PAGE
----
Churches Offer Feasts For Needy

November 24, 1994|By TaNoah V. Sterling | TaNoah V. Sterling,Sun Staff Writer

A few days before Thanksgiving, Bernice Carden was missing the ingredients needed for a warm Thanksgiving feast.

"I had no [Thanksgiving] dinner," the 33-year-old Pasadena resident said. "My husband walked out on me and my son. I don't have any family in the area."

Low on money, she turned to the Severna Park Assistance Network for help. She came away with a Thanksgiving basket complete with turkey, fresh fruit, potatoes, stuffing and juice.

"Now my son can have a nice dinner," Ms. Carden said.

This year, as in earlier years, many families are relying on friends and neighbors in the Pasadena and central county areas for help with food, clothing, and gifts during the holiday season.

As the families turn to nonprofit organizations like SPAN or to local churches for help, the groups respond with cooked dinners, food baskets and gift certificates from local supermarkets.

Some adopt families for the holidays.

SPAN has been helping needy families since 1989. This year, the group packed Thanksgiving dinners for 74 families; 61 families received Thanksgiving dinners last year. SPAN expects to prepare even more dinners at Christmas. Last Christmas, it fed 112 families.

"Our clients are the working poor," said Director Barbara Birkenheuer. "These people usually have to pay for day care. They don't get food stamps, and they aren't eligible for subsidized housing.

"A lot of my clients say, 'You know, it'd just be easier if I quit and went on welfare.' "

SPAN is sponsored by 12 local churches that donate money and food.

Baldwin Memorial United Methodist Church in Millersville will become one of SPAN's sponsoring churches in January. Until then, Baldwin Memorial will be reaching out with its own holiday program.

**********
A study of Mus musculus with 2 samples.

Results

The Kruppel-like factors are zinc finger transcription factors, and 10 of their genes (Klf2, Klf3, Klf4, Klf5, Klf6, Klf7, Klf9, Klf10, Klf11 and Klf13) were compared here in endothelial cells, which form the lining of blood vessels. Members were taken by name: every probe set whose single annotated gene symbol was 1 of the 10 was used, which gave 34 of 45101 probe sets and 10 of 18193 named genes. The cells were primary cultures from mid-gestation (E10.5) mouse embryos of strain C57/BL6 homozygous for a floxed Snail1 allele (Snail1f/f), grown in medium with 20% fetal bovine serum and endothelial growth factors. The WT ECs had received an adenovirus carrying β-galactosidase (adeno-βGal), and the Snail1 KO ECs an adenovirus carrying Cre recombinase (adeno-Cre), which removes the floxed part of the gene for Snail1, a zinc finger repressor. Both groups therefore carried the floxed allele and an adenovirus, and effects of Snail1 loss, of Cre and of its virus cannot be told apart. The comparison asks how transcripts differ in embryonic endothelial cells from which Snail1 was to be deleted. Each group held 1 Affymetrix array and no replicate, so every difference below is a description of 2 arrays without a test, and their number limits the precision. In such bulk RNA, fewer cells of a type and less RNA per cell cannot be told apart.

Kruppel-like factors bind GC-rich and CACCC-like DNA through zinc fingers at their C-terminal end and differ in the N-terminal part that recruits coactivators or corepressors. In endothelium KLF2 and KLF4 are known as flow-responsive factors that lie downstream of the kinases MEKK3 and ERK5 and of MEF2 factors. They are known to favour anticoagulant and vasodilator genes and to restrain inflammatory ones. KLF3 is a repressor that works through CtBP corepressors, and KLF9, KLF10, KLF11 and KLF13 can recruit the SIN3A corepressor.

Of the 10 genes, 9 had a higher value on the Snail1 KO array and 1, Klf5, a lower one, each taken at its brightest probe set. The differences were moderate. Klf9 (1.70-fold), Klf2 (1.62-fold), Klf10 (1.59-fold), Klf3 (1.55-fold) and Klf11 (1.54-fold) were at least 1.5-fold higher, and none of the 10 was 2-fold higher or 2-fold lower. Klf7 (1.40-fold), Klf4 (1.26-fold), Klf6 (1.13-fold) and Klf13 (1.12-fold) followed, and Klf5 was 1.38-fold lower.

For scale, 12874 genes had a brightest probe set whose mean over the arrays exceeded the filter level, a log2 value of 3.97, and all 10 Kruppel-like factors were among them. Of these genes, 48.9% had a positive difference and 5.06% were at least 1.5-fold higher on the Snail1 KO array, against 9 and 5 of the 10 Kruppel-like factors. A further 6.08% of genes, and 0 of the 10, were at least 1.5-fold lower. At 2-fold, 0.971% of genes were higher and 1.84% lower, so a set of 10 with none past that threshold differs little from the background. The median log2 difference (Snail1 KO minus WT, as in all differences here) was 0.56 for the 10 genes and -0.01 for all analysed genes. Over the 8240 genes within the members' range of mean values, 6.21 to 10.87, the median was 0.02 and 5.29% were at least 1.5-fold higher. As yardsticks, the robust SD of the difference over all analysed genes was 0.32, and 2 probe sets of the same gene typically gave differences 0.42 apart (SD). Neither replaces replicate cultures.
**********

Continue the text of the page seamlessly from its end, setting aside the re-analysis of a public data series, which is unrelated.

This year, the church adopted 11 families for Thanksgiving and Christmas, some of them families of Millersville Elementary School students.

The families received $25 gift certificates to a local grocery store, and five to six bags of food that will provide a Thanksgiving feast and food for six days.

But Baldwin Memorial's members don't stop with giving milk, coffee, spaghetti and fruits and vegetables; they also give the families toothpaste, toothbrushes, toilet paper and paper towels, and other items.

"We just cleaned out our pantries for them," said Pat Taylor, a church volunteer.

For Christmas, the same families will get more groceries, and church volunteers will buy a present for each family member.

Across Ritchie Highway in Pasadena, St. Andrews Episcopal Church is responding to people's needs with a free, fully cooked Thanksgiving dinner that will be served from noon to 2 p.m. today.

Last year, when the church first opened its doors to feed families on Thanksgiving, about 66 people were served. This year, the dinner's popularity has grown.

"About 100 have registered, and there's room for 100 more," said Linda Coffman, a church volunteer.

Those attending the meal include needy families, single people who simply don't want to cook, and church members who wish to join in the fellowship.

Church members will be cooking all morning to prepare the dinner that will include turkey, mashed potatoes, pumpkin pie, candied yams and cranberry sauce.

They'll even provide transportation, Ms. Coffman said.

Severna Park's St. Martin's in the Field Episcopal Church, another SPAN sponsor, will feed six families and two seniors this year by giving Thanksgiving baskets and additional groceries to the families. These same families will receive dinner, clothes, toys, and more groceries for Christmas.

Although the central county area seems to have its share of good Samaritans, Ms. Birkenheuer said other areas are lacking these services.

"We need to see more SPAN-like agencies in south county, west county, Odenton and Severn," she said.

Baltimore Sun Articles
|
|
|
Please note the green-lined linked article text has been applied commercially without any involvement from our newsroom editors, reporters or any other editorial staff.